How To Listen To Nature

Oct 14, 2022


We had been planning the vacation for months. A storm was brewing as our car pulled into the parking lot for the ferry. 

My mind rationalized. “It’s only three nights. We’ll be gone before it gets here.”

It was a small island off the south coast of South Carolina, and Hurricane Ian was approaching Florida. I'd been reading about the island— A bird lovers paradise! No cars. Bicycle's and golf carts only. Minimal tourist amenities. It sounded perfect for us.

My ego wanted to push on, despite a raucous commotion of Raven’s above us. "Hurricane Ian is moving slow, anyway."

A wild dance of Spanish Moss among Live Oak branches charmed the hesitation in my gut. “It would be an adventure! It could be exciting!” 

The Ravens, as if outraged at my temptation, rioted in shouts, gurgles and winged acrobatics. 

That’s when a message from the owner of our vacation rental came in on my phone, “You might want to reconsider.” 

South Carolina isn’t a familiar landscape for me. But it was difficult to ignore the sensory signals nature surrounded us with: fierce wind on our face, gray and bulbous clouds overhead, frantic sounds of birds to our ears, dust in our eyes, and that feeling in our guts — The birds were preparing, leaving, diving deeper into thickets. It was time to shift. Time to go. 

Nature signals us all the time. It’s a stimulating million year old conversation many have forgotten to listen to. It's an ongoing communication between our sensory receptors and the world outside.

Stimulating conversation requires skillful listening. If we don’t understand subtle nuances of language, we can miss important information and make incorrect predictions. We build communication skills through attending, practicing, and understanding.

If we understand the language of landscape, we can notice when behaviors of birds and other animals change before a storm. 

But even before a storm, on a normal autumn day, nature invites us into its unbroken lineage of knowing. Nature invites us to learn her language.

A leaf exhausts itself on the ground, a drop of water releases from the sky, the sun concedes to night earlier. 

When nature’s voice changes, are you listening?

When a stranger says, “Reconsider…” Will you turn around? 

When your heart stammers and your blood pressure rises, will you notice?

How many times have you dismissed an inner voice that said, “Go! Go now! This way! Not that way!”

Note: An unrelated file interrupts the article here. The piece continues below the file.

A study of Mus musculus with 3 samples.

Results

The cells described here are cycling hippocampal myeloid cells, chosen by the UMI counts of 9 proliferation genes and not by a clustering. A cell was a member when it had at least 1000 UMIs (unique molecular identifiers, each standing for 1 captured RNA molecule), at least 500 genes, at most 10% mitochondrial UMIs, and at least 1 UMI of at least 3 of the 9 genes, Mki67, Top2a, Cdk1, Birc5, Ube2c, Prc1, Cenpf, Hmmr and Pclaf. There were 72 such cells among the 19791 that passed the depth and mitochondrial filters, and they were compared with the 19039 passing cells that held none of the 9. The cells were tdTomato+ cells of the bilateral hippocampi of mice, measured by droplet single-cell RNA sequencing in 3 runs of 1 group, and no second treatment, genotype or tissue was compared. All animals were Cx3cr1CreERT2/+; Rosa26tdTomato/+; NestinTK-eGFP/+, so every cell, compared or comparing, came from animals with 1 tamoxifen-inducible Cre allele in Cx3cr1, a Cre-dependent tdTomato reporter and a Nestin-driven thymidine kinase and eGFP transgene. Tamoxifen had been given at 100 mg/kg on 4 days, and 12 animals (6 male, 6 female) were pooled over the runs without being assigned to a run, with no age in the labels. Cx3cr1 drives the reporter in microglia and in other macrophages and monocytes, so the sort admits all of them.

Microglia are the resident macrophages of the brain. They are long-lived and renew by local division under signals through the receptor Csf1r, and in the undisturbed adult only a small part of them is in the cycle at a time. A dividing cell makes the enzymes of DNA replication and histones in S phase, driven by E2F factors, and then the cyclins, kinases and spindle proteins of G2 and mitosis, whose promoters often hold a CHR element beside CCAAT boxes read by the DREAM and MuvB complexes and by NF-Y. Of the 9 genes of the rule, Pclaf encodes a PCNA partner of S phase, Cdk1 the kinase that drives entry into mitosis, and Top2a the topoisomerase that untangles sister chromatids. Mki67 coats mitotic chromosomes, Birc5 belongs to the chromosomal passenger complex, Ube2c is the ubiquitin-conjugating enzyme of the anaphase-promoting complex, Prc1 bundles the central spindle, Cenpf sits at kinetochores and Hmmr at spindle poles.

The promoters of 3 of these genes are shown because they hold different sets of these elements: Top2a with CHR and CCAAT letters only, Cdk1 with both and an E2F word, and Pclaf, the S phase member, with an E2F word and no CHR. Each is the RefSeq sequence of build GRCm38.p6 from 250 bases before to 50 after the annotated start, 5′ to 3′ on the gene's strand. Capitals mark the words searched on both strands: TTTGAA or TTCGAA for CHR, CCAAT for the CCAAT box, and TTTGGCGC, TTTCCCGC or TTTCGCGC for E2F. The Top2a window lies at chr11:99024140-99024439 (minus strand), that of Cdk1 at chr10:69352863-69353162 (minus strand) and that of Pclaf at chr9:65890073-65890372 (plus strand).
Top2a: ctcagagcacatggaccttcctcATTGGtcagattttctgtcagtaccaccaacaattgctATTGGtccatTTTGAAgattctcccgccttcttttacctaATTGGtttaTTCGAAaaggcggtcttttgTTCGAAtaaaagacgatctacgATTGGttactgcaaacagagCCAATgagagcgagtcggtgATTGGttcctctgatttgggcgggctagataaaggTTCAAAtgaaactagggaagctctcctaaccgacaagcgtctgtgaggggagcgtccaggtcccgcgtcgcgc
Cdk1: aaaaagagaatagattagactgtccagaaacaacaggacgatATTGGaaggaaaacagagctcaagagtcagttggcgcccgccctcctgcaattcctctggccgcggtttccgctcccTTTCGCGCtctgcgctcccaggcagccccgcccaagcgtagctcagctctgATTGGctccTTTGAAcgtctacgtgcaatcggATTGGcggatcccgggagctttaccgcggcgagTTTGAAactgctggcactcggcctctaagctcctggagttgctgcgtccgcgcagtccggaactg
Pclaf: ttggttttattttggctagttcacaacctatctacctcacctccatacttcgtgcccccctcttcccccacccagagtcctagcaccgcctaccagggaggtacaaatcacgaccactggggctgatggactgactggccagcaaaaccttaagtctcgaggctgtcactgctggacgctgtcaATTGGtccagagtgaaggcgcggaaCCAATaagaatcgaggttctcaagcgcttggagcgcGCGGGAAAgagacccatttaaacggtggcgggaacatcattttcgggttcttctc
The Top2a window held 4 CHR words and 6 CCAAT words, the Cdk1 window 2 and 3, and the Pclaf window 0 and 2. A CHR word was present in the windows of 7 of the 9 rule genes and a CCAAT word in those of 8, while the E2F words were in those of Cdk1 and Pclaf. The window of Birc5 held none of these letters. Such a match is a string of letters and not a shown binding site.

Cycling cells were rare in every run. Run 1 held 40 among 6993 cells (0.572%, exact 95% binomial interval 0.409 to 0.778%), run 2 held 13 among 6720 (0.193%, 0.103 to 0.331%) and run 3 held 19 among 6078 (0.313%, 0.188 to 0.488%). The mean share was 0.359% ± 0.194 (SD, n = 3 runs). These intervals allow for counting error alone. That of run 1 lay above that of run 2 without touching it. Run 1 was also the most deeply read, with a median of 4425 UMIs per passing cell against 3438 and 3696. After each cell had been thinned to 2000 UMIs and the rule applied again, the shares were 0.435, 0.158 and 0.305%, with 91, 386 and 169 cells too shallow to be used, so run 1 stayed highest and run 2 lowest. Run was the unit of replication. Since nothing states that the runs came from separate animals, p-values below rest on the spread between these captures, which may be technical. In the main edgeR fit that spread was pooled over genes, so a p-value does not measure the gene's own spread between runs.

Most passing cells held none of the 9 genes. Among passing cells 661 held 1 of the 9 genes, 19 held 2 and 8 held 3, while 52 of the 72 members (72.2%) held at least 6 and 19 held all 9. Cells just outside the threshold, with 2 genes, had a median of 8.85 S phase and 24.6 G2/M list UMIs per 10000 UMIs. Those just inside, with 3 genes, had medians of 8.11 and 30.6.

"Slow down. Take it easy.." 


“Time to let go.”


"Just say no (or just say yes)." 

Maybe your friends said, “Hey, are you sure you want to...?” And something in your stomach flipped and your heart skipped a beat, but you cast those feelings aside and did it, anyway...

And you went on doing what you did because it's what you thought you should do. Or because you were good at it, so why not keep doing it?

Knowing how to listen to nature’s wisdom, and to our own inner voice, requires practice.

Before a storm brews within you. Before you find yourself in the eye of a hurricane, there are many ways to practice listening. 

You can practice in tiny ways throughout a normal day. 

When a leaf falls before you, pause, breathe, notice the smell, the color, the way you feel watching it. 

When you are driving home and notice the sun is about to set below the horizon, you can pull the car over to a safe spot off the road, place the gear in park and let your eyes settle on the horizon. Breathe, notice the light, the colors, the way you feel watching the sun go down. 

Nature connection requires tiny efforts across a day, week, month, year, lifetime.

Autumn is a time of year that reminds us it’s healthy to say, “I’m tired. It’s done.”  

Autumn asks us to practice slowing down, listening, preparing for a few darker months. 

I'm glad we listened to the Raven's warning and went deeper inland away from the storms intensity. We are grateful we had the luxury to leave when others didn't. 

I invite you to try these simple strategies for listening during the liminal time of year we are entering. 

Instead of saying, “I hate how it gets dark so early,” try saying, “I love how the darkness gives me permission to do less.”  

When tiredness implores you to go to bed even though it's “only 8:30,” ask yourself if what you are staying up for is vital for living, or can it wait another day? Ask, “If I go to bed now and get more sleep, will I feel more capable tomorrow?” 

And as you prepare for the looming holiday season, consider giving yourself a mental health gift to recharge your battery and enter the holiday season with a new resource for peace and presence. 

Current Offerings (Autumn 2022)

1. Join a retreat to add a simple, yet powerful new way to stay grounded and care for yourself during the holiday season. CLICK HERE

2. Get support through 1:1 coaching to help you and your family thrive through the holiday season. CLICK HERE

3. And for those of you who want a really deep dive into the NatureLed Approach, join our next cohort for a year-long adventure to better understand the role nature plays in human health and rehabilitation while building your skills to be an effective mentor, or teacher. CLICK HERE

If you want to learn more about how to grow healthy brain structure in nature, or as a healing modality, click the button below.